What is acute lymphoblastic leukemia (ALL)? Leading expert Dr. Ryan Cassaday from Fred Hutchinson Cancer Research Center explains how ALL develops in the body, what blast cells are, and some early signs and symptoms of the disease. Watch now to learn more about the biological features of an ALL diagnosis.


Please remember the opinions expressed on Patient Power are not necessarily the views of our sponsors, contributors, partners or Patient Power. Our discussions are not a substitute for seeking medical advice or care from your own doctor. That’s how you’ll get care that’s most appropriate for you.

Andrew Schorr:

Hello.  I'm Andrew Schorr from Patient Power, and we are talking about acute lymphoblastic leukemia, ALL, certainly a very serious acute, urgent diagnosis.  And a leading specialist in it is Dr. Ryan Cassaday.  He joins us from University of Washington and the Fred Hutchinson Cancer Research Center in Seattle.  Dr. Cassaday, thanks for being with us. 

Dr. Cassaday:

Thank you, Andrew.  It's a pleasure. 

Andrew Schorr:

Just so we understand, maybe you could just give us the layman's definition of acute lymphoblastic leukemia.  What's gone wrong?  

Dr. Cassaday:

So acute lymphoblastic leukemia is a blood cancer of a cell called a lymphoblast.  So lymphoblasts are immature blood cells that when they mature normally give rise to an important part of our immune system called lymphocytes.  They are either B‑cells or T‑cells.  These are very highly specialized cells in the immune system that do a lot of really important work in our body's response to infection and inflammation and so forth. 

These immature cells that give rise to those mature cells, if he they start to develop abnormalities in their genetic code they can start to divide abnormally, not mature properly, and then these cells start to expand.  Normally they occupy a very small proportion of our blood and marrow system, but in a person with ALL, acute lymphoblastic leukemia, these cells basically just start to accumulate and proliferate and divide like crazy to the point where they overrun a person's bone marrow, they're spilling out into their blood, they can involve lymph nodes and spleen and so forth.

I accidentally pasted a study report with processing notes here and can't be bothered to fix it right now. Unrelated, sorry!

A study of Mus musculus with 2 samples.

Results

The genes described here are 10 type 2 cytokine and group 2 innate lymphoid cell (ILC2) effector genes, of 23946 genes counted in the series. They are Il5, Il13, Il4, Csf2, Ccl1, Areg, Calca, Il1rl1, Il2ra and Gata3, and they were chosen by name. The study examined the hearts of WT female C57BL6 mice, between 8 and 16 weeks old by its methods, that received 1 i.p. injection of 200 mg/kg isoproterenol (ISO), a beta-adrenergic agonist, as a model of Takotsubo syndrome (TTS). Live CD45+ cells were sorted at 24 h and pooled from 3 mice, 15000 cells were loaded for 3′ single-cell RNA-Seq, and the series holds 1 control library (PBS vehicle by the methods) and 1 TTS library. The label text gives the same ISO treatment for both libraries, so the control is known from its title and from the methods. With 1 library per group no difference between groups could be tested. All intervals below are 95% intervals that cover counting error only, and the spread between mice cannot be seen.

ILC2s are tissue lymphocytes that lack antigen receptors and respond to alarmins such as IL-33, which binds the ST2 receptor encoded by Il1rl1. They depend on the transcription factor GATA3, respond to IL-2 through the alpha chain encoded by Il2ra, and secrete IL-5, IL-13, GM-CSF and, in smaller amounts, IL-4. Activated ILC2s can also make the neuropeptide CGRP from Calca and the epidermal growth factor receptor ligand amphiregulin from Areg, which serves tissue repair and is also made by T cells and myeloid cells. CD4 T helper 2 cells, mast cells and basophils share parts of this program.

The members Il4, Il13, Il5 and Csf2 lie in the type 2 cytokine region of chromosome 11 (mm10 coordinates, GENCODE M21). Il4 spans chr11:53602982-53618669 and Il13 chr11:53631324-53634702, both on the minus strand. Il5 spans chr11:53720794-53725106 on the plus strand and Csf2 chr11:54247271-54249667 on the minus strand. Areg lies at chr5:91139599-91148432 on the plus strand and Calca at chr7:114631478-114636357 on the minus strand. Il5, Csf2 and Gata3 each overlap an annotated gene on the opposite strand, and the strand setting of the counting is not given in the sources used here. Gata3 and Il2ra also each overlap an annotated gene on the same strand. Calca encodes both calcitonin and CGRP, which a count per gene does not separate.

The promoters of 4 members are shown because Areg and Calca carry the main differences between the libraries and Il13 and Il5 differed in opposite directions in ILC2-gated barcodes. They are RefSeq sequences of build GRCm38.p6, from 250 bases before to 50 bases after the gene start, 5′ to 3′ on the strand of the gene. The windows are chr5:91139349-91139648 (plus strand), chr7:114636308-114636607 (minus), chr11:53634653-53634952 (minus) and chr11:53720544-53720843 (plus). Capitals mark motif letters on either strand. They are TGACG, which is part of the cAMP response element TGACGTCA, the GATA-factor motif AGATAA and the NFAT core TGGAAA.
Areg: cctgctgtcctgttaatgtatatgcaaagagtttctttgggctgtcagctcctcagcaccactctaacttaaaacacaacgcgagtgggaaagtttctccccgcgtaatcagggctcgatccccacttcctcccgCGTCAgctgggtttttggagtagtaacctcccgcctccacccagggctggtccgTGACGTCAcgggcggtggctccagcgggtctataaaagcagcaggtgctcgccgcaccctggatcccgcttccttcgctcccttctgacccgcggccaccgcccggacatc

So as the name sort of implies, acute, these cells tend to grow very quickly.  So people will often come to medical attention thinking they just have the flu because they've been feeling kind of unwell, fevery, not eating much or something for just a few days or a week or so, then 99 times—or probably 999 times out of a 1,000, yeah, it's just the flu, but every once in a while it turns out, boom, you have acute leukemia, and it's clearly a very different sort of pathway. 

Please remember the opinions expressed on Patient Power are not necessarily the views of our sponsors, contributors, partners or Patient Power. Our discussions are not a substitute for seeking medical advice or care from your own doctor. That’s how you’ll get care that’s most appropriate for you.